After my weekend in Paris, I moved on to Rome to see my best friend, Giulietta. Before this trip, I had only been to Italy once during the summer after 10th grade. But these three days made me fall in love with it. I was able to talk to people and get by in the city with my broken Italian. Attempting, and sometimes succeeding, to communicate through a foreign language is something that I haven’t been able to attempt this semester (since I don’t know Danish at all). And OH MY WOW THE FOOD. I stuffed myself with pasta and gelato for 3 days straight. Even when I wasn’t hungry, I just kept eating because I knew I would miss it when I left. I realized that Rome is the complete opposite of Copenhagen. The weather is sunny, instead of dark and cold. In fact, as I’m writing this, Denmark is having it’s worst storm in 10 years, with winds expected up to 70 mph. The people are much more talkative, and not as reserved as Danes.
Going to Rome was a bit jarring at first (especially while riding a crowded bus), but I felt right at home there. The culture just seemed so natural, and I’m totally into eating Italian food every day of my life. I loved it so much that I’m trying to find a way to study there over the summer, or find a job in Italy after graduation. My three days in Rome had me wishing that I could stay longer.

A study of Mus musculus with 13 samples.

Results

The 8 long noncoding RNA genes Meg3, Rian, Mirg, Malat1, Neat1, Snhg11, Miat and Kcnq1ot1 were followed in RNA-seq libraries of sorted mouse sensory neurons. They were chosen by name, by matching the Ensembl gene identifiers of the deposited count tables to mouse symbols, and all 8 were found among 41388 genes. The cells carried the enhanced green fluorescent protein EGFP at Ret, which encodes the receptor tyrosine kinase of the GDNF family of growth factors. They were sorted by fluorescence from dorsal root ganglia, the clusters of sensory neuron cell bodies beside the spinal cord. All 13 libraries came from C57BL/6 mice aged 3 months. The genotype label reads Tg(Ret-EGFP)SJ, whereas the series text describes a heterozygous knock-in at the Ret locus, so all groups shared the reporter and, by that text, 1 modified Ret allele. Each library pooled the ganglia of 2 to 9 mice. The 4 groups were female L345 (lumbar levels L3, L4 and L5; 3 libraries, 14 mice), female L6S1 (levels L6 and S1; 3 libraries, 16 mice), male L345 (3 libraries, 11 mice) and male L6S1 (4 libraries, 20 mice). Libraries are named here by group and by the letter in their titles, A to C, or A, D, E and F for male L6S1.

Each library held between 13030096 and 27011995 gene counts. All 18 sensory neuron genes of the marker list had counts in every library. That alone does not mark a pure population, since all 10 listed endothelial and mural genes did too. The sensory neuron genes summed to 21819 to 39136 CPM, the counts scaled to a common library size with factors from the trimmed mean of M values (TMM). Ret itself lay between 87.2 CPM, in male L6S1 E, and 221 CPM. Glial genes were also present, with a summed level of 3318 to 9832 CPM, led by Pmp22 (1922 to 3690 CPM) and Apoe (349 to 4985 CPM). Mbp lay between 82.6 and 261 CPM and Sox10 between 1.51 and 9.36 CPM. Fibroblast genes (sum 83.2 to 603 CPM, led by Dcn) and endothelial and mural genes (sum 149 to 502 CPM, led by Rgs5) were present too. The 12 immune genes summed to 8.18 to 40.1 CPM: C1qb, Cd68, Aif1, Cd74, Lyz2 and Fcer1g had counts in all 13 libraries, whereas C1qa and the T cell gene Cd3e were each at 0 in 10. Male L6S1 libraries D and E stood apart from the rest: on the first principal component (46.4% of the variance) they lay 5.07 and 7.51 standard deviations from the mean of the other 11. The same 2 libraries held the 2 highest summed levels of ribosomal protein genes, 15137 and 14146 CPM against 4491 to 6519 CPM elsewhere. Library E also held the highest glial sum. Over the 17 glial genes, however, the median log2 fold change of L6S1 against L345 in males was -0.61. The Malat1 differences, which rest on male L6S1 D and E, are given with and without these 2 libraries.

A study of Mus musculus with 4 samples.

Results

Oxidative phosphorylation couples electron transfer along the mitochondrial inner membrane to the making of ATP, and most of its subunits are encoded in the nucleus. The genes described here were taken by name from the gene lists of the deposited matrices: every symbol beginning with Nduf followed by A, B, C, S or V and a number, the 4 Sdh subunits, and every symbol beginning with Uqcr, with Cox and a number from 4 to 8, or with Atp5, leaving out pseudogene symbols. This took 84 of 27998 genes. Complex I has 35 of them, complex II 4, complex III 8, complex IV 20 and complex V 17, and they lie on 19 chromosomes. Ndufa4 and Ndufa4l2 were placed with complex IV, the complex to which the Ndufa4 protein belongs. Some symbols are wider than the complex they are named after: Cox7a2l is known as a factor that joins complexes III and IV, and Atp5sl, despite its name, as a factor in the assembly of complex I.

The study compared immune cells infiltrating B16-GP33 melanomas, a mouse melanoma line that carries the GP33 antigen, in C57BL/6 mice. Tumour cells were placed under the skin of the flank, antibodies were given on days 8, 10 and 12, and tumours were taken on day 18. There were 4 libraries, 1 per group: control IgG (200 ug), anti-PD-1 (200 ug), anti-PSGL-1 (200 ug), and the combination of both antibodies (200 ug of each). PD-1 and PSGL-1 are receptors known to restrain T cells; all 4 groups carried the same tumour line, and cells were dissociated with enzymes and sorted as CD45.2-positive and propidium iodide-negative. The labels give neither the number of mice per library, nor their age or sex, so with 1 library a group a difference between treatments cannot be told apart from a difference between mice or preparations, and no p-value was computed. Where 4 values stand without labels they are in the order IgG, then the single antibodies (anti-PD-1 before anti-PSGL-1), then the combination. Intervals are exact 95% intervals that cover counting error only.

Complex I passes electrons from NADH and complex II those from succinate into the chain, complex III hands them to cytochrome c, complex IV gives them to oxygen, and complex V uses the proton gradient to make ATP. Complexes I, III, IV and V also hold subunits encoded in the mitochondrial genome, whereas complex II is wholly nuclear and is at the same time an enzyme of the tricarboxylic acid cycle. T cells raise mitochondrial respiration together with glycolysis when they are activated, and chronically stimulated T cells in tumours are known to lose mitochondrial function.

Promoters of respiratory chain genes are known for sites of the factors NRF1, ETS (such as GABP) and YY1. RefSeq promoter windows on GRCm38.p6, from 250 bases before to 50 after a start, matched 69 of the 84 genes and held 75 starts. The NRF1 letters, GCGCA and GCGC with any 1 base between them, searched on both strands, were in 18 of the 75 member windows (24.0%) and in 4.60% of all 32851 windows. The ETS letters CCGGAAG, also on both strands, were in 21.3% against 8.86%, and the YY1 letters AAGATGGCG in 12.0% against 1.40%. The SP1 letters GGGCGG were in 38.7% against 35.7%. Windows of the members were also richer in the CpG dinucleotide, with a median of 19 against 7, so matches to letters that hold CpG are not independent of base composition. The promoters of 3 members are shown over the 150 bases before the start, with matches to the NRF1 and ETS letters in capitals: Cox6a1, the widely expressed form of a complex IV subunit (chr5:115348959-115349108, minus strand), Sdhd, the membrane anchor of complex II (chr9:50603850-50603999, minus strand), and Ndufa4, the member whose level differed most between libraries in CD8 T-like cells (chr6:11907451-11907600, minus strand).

And then I went to Munich for Oktoberfest. That Saturday, I woke up bright and early and met up with my friend Taylor and her friends from college. We made it to Oktoberfest at 7 A.M., and waited until 9 for the tents to open. We stayed until 3 pm, and then decided to take a power nap and come back at 7. Although I had fun in the morning, nighttime Oktoberfest was honestly my favorite. We sat at some tables outside, and met some Australians and other Americans before heading inside. To get in, half our group paid 10 euro for a sandwich, but by the time we got to the front of the line, they ran out of sandwiches. We though we were stuck, but then all of a sudden some mysterious barmaid came up to our group and took us inside for free (for a small tip, of course). It was so random, but everything worked out perfectly. I loved that we saw so many different people from different countries, all in one place for a common experience. That’s what made Oktoberfest incredible for me.
The next morning, I left for Copenhagen. Despite my love for Rome, and the fun I had with friends at Oktoberfest, I felt myself missing Copenhagen like nobody’s business. I love the cold, dark weather and the reserved people. I love the hygge and the Scandinavian diet of meat and potatoes. As my train pulled into København H after 10 long days of travel, I felt relieved to finally be home.